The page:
Google Play will now show what data apps collect, how they use it

Google has announced privacy labels for its own apps, with the aim of providing Google Play users with more information about the data that the apps they download are collecting. Initially announced in May 2021, Google’s “Data safety” section will require developers to provide information about how their apps collect, share, and secure user data, months after Apple’s App Store introduced privacy labels on its own app marketplace.

The search engine giant has made Data Safety active on its store listings, both in a browser and in the Android store app, but it still requires developers to submit information for the listings and all developers will be required to complete this section for their apps by July 20.

“We heard from users and app developers that displaying the data an app collects, without additional context, is not enough,” Google explained. “That’s why we designed the Data safety section to allow developers to clearly mark what data is being collected and for what purpose it’s being used.”

Here are the information developers can show in the Data safety section:

Whether the developer is collecting data and for what purpose.

Whether the developer is sharing data with third parties.

The app’s security practices, like encryption of data in transit and whether users can ask for data to be deleted.

Whether a qualifying app has committed to following Google Play’s Families Policy to better protect children in the Play store.

Whether the developer has validated their security practices against a global security standard (more specifically, the MASVS).

Apple Mail Privacy Protection

Meanwhile, Apple also expanded its privacy-focused approach to another level with new protections in iOS 15, iPadOS 15, macOS Monterey, and watchOS 8, which help users better control and manage access to their data.

In the Mail app, the new ‘Mail Privacy Protection’ stops senders from using invisible pixels to collect information about the user.

The feature helps users prevent senders from knowing when they open an email, and masks their IP address so it can’t be linked to other online activity or used to determine their location, the company said during its flagship WWDC21 developer conference.

“Privacy has been central to our work at Apple from the very beginning,” said Craig Federighi, Apple’s senior vice president of Software Engineering.

Faqs

About the privacy information section On each app’s product page, you can learn about some of the data types the app may collect, and whether that data is linked to you or used to track you.09-Feb-2022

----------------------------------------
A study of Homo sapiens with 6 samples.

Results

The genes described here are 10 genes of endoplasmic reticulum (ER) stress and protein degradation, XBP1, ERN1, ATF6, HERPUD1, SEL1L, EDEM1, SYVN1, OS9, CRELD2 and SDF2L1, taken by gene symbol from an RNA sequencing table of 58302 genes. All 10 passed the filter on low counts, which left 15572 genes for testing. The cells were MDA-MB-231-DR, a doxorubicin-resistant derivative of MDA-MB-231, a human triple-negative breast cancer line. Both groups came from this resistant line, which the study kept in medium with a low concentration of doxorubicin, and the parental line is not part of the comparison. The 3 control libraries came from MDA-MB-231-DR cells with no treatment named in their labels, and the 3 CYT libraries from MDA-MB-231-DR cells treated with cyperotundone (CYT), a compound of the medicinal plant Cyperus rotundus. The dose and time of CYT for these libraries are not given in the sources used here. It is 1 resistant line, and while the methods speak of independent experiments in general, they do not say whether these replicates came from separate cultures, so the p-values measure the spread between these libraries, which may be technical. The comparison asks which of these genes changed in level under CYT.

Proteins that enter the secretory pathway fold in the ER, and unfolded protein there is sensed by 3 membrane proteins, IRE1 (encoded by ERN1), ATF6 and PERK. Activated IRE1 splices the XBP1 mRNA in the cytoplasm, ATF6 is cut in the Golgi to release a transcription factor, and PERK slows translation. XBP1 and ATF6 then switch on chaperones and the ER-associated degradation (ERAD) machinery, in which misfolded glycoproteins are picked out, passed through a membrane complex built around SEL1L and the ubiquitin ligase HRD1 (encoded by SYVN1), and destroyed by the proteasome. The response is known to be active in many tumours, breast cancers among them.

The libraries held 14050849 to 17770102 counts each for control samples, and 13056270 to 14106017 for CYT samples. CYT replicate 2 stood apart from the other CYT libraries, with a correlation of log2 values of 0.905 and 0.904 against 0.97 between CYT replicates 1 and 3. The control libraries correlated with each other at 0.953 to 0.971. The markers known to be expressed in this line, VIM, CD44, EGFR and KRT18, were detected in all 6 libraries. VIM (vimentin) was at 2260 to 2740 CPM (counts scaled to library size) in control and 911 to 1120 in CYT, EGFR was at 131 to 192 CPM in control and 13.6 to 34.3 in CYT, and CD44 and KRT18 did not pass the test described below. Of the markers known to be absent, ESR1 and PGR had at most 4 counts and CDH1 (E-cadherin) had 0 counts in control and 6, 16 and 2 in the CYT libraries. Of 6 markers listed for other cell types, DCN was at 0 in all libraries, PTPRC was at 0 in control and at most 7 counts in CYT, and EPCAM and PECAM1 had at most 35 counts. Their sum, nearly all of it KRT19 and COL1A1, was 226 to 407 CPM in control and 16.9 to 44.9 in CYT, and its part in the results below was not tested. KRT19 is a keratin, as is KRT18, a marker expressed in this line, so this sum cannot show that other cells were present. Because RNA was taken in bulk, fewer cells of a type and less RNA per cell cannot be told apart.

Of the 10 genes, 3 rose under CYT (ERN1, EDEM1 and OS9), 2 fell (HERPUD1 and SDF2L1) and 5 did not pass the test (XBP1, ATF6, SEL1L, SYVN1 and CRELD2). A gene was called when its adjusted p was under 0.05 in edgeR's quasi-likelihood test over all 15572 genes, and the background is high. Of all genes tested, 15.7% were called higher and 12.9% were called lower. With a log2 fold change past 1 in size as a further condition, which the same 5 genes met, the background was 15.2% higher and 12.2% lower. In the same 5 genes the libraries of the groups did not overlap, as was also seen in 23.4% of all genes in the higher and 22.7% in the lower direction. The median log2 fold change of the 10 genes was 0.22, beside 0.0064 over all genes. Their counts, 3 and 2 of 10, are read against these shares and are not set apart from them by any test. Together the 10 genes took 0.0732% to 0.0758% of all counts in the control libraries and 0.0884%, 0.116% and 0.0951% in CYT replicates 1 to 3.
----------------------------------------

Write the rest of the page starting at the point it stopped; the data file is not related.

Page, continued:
Data collected for app functionality: Payment information, location, contact information (including physical address, email, name and phone number), contacts, user content (including photos or videos, audio data, customer support details), search history, browsing data, user identifiers (user ID and device ID), usage 05-Apr-2021

The simple answer is yes: Google collects data about how you use its devices, apps, and services. This ranges from your browsing behavior, Gmail and YouTube activity, location history, Google searches, online purchases, and more.18-Dec-2020

Android Apps Spy On Other Apps The first method sends a request for application information, often used for debugging. The second method sends out a call for package information; this can call up a list of apps installed on the device and other types of meta-data, which can then be used to infer things about the user.27-Mar-2020

Is Google really spying on me? The simple answer is yes: Google collects data about how you use its devices, apps, and services. This ranges from your browsing behavior, Gmail and YouTube activity, location history, Google searches, online purchases, and more.18-Dec-2020

Conclusion

Apple has introduced privacy labels on its app marketplace which required developers to provide information about how their apps collect, share, and secure user data. Google announced a similar label requiring developers to provide information about what data they are collecting, for what purpose, and security practices on their app store listing.